Kalevala : the Epic Poem of Finland — Volume 01 eBook

This eBook from the Gutenberg Project consists of approximately 226 pages of information about Kalevala .
Rushes through the swamps and meadows,
Wasting all her milk in running. 
Ilmarinen, the magician. 
Is not pleased with this creation,
Cuts the magic cow in pieces,
Throws them in the fiery furnace,
Sets the workmen at the bellows,
Thus to forge the magic Sampo. 
On the fourth day, Ilmarinen
Downward bent and well examined,
To the bottom of the furnace;
There beheld a plow in beauty
Rising from the fire of metals,
Golden was the point and plowshare,
And the beam was forged from copper,
And the handles, molten silver,
Beautiful the plow and wondrous;
But alas! it is ill-mannered,
Plows up fields of corn and barley,
Furrows through the richest meadows. 
Ilmarinen, metal artist,
Is not pleased with this creation,
Quickly breaks the plow in pieces,
Throws them back within the furnace,
Lets the winds attend the bellows,
Lets the storm-winds fire the metals. 
Fiercely vie the winds of heaven,
East-wind rushing, West-wind roaring,
South-wind crying, North-wind howling,
Blow one day and then a second,
Blow the third from morn till even,
When the fire leaps through the windows,
Through the door the sparks fly upward,
Clouds of smoke arise to heaven;
With the clouds the black smoke mingles,
As the storm-winds ply the bellows. 
On the third night Ilmarinen,
Bending low to view his metals,
On the bottom of the furnace,
Sees the magic Sampo rising,
Sees the lid in many colors. 
Quick the artist of Wainola
Forges with the tongs and anvil,
Knocking with a heavy hammer,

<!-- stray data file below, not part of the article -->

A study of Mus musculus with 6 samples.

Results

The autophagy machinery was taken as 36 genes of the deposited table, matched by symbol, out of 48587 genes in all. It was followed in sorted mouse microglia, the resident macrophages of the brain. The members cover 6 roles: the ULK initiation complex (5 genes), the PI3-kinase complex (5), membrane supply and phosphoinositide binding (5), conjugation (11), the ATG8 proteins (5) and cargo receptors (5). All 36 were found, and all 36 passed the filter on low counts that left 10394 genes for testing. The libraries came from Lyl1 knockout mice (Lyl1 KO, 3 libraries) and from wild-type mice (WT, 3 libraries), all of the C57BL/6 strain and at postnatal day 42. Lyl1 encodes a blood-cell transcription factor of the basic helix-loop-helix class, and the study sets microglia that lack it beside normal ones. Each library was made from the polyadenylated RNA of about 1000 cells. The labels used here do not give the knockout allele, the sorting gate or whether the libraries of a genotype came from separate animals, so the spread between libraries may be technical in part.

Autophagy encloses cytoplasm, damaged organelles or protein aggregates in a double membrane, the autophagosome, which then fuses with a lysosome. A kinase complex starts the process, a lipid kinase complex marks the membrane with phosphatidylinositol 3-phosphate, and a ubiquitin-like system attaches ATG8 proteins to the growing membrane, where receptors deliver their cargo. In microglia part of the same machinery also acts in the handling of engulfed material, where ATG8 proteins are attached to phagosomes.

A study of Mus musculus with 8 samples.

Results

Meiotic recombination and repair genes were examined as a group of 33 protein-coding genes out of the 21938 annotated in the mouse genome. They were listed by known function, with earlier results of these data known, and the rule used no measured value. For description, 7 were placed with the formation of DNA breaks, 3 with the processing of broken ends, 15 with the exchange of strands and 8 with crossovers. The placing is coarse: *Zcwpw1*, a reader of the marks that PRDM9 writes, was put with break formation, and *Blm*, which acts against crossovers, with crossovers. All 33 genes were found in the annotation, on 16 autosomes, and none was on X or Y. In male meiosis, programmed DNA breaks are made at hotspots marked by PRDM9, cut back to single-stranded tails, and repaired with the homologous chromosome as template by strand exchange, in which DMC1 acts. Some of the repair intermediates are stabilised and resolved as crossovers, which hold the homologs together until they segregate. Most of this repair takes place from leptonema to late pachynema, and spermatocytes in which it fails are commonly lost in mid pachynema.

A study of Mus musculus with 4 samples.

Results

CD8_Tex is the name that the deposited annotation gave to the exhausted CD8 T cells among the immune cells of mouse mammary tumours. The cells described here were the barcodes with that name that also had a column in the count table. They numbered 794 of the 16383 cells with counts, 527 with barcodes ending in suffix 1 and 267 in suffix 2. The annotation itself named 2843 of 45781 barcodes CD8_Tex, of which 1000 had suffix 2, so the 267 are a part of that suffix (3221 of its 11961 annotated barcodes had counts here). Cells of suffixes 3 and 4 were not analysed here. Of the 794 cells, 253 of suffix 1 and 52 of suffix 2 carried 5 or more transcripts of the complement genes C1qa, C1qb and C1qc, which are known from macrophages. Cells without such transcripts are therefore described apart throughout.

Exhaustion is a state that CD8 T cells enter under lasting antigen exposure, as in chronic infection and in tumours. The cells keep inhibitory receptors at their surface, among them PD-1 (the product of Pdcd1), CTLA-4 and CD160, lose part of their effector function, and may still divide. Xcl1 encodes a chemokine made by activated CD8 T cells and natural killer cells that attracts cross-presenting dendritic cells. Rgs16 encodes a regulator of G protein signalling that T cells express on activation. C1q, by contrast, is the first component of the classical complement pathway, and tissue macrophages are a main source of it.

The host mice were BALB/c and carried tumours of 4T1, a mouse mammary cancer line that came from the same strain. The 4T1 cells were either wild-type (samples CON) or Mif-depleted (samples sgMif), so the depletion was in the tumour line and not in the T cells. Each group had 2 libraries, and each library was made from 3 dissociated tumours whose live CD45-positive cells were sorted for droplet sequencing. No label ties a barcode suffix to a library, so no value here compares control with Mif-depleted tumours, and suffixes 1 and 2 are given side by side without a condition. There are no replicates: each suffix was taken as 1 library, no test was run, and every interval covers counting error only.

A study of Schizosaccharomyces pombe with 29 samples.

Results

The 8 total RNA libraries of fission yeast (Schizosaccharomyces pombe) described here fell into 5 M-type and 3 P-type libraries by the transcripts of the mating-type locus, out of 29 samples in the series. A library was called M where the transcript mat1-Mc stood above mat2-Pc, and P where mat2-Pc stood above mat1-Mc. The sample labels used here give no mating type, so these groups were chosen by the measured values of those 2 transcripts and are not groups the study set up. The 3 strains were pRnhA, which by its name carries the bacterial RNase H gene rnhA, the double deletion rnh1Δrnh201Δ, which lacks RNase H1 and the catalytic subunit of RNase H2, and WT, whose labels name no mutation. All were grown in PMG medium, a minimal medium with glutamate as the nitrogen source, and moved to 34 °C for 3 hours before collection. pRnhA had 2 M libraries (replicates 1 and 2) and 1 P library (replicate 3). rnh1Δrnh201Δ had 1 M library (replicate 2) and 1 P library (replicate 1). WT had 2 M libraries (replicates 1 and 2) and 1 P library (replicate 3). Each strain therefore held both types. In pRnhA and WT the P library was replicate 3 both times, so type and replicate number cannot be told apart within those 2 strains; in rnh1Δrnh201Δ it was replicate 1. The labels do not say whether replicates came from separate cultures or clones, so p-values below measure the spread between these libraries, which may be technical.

Forges skilfully the Sampo;
On one side the flour is grinding,
On another salt is making,
On a third is money forging,
And the lid is many-colored. 
Well the Sampo grinds when finished,
To and fro the lid in rocking,
Grinds one measure at the day-break,
Grinds a measure fit for eating,
Grinds a second for the market,
Grinds a third one for the store-house. 
Joyfully the dame of Northland,
Louhi, hostess of Pohyola,
Takes away the magic Sampo,
To the hills of Sariola,
To the copper-bearing mountains,
Puts nine locks upon the wonder,
Makes three strong roots creep around it;
In the earth they grow nine fathoms,
One large root beneath the mountain,
One beneath the sandy sea-bed,
One beneath the mountain-dwelling. 
Modestly pleads Ilmarinen
For the maiden’s willing answer,
These the words of the magician: 
“Wilt thou come with me, fair maiden,
Be my wife and queen forever? 
I have forged for thee the Sampo,
Forged the lid in many colors.” 
Northland’s fair and lovely daughter
Answers thus the metal-worker: 
“Who will in the coming spring-time,
Who will in the second summer,
Guide the cuckoo’s song and echo? 
Who will listen to his calling,
Who will sing with him in autumn,
Should I go to distant regions,
Copyrights
Project Gutenberg
Kalevala : the Epic Poem of Finland — Volume 01 from Project Gutenberg. Public domain.